Picture:
Picture:
Flickr / NASA Goddard Space Flight Center; Krista Trinder

From Claude Monet's 'Water Lillies' to Antoni Gaudi's Sagrada Familia, the majesty of nature inspires humanity's most breath-taking sparks of creativity.

So, you'd be forgiven for having grand hopes for anything this stunning celestial view might inspire:

Picture:Picture: Flickr / NASA Goddard Space Flight Center; Krista Trinder

Humanity took one look at this beautiful ribbon of purple and sometimes green light running spectacularly across the sky, and the word that came to their lips was... Steve. Yep, Steve.

Seriously, they called it Steve.

Steve - aka Strong Thermal Emission Velocity Enhancement, which is admittedly less catchy - was discovered with the help of amateur scientists in Canada.

Steve is an aurora, a phenomenon created by highly energised particles spit out by the sun called the solar wind.

When the particle arrive on Earth, they clash with our powerful magnetic field and create a sensational celestial show.

But Steve is not a normal aurora. Rather than occurring in an oval shape, it is a bizarre 'picket fence' structure.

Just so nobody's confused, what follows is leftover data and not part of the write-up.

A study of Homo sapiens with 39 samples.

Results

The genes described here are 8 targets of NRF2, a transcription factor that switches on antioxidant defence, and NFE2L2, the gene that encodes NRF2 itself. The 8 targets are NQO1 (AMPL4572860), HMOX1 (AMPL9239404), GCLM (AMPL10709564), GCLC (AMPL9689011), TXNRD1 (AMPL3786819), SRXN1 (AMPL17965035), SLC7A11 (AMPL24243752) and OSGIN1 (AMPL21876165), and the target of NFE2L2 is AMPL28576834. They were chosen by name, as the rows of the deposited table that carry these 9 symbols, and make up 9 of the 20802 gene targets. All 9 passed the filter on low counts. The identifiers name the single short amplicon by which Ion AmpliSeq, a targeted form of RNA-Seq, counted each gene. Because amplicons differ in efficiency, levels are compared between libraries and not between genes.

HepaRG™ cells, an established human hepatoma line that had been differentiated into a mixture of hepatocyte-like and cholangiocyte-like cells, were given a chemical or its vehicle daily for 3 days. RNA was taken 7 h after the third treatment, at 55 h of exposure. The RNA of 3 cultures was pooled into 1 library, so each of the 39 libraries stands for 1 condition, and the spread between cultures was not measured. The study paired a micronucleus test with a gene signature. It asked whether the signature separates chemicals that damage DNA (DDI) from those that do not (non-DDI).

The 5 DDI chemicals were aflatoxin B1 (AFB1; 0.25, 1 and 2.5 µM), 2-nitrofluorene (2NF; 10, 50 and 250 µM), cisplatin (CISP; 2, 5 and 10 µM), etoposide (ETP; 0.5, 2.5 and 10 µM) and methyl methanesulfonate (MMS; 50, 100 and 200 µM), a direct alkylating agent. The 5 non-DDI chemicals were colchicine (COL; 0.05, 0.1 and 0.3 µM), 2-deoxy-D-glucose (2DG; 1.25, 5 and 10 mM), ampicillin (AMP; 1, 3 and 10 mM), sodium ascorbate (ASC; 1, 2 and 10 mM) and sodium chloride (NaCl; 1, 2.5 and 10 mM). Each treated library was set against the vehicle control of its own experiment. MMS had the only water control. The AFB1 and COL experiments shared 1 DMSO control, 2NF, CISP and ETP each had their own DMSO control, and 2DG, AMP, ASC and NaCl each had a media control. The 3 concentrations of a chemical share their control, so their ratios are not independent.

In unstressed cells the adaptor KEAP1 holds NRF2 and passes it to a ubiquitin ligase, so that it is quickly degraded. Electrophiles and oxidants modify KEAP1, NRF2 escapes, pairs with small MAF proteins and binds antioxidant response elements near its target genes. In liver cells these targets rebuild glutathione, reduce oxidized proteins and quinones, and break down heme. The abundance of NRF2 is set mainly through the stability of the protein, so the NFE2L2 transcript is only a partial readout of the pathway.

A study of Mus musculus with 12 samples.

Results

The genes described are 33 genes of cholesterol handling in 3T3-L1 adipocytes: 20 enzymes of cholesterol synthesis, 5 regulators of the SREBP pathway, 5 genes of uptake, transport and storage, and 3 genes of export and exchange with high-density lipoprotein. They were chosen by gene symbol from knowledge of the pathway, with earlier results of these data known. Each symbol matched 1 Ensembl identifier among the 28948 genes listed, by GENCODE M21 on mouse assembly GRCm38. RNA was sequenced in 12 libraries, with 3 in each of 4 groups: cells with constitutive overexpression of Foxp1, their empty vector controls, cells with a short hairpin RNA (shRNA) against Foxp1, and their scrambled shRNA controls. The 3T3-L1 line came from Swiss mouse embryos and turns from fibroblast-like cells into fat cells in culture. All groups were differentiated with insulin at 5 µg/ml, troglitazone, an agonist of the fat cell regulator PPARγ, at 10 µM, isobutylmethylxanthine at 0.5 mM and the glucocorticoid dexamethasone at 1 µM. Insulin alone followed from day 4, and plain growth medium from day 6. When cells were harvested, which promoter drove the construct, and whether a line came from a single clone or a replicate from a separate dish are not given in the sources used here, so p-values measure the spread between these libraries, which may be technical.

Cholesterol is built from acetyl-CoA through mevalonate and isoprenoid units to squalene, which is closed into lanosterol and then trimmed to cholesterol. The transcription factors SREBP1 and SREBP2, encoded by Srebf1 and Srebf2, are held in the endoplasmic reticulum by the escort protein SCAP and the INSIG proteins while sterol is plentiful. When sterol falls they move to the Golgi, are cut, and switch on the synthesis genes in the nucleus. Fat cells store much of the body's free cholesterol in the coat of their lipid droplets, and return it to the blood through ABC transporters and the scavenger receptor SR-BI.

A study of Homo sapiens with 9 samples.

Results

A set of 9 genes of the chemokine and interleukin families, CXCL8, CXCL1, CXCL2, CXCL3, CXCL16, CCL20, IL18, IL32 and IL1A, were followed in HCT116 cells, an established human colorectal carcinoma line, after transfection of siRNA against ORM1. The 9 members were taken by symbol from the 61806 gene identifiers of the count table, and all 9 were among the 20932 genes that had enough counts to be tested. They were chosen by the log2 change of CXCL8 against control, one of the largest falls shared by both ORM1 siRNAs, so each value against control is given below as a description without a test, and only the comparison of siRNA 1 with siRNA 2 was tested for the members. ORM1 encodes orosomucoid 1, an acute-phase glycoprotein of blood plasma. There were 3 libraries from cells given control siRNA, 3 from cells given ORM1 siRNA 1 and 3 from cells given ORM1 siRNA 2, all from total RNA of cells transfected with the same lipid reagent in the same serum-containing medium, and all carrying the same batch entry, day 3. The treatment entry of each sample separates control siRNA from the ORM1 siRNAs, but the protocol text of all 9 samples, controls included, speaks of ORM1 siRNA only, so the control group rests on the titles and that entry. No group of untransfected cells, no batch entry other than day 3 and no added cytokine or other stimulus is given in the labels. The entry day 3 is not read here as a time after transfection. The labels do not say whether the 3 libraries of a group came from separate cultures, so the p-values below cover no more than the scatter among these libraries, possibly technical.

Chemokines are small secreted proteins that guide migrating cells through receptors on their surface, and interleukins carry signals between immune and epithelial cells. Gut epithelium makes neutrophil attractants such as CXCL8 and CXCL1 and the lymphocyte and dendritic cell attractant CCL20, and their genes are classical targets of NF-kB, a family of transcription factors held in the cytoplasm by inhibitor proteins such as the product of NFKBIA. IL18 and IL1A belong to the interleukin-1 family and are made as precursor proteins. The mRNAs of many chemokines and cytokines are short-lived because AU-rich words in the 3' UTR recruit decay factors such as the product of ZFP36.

In order to learn more about this new light show, atmospheric researchers are now encouraging citizen scientists of the northern hemisphere to keep an eye out for Steve.

To spot Steve, Nasa has some tips:

  • It last for 20 minutes to an hour 
  • It emits purple hues
  • It can be spotted overhead approximately 5-10 degrees father south in the Northern hemisphere, so can be spotted at similar latitudes to Calgary, Canada

Liz MacDonald, a space scientist at Nasa's Goddard Space Flight Center, said in a statement:

This is a light display that we can observe over thousands of kilometers from the ground.

It corresponds to something happening way out in space. Gathering more data points on STEVE will help us understand more about its behavior and its influence on space weather.

You can send any photos or information about Steve to Nasa here.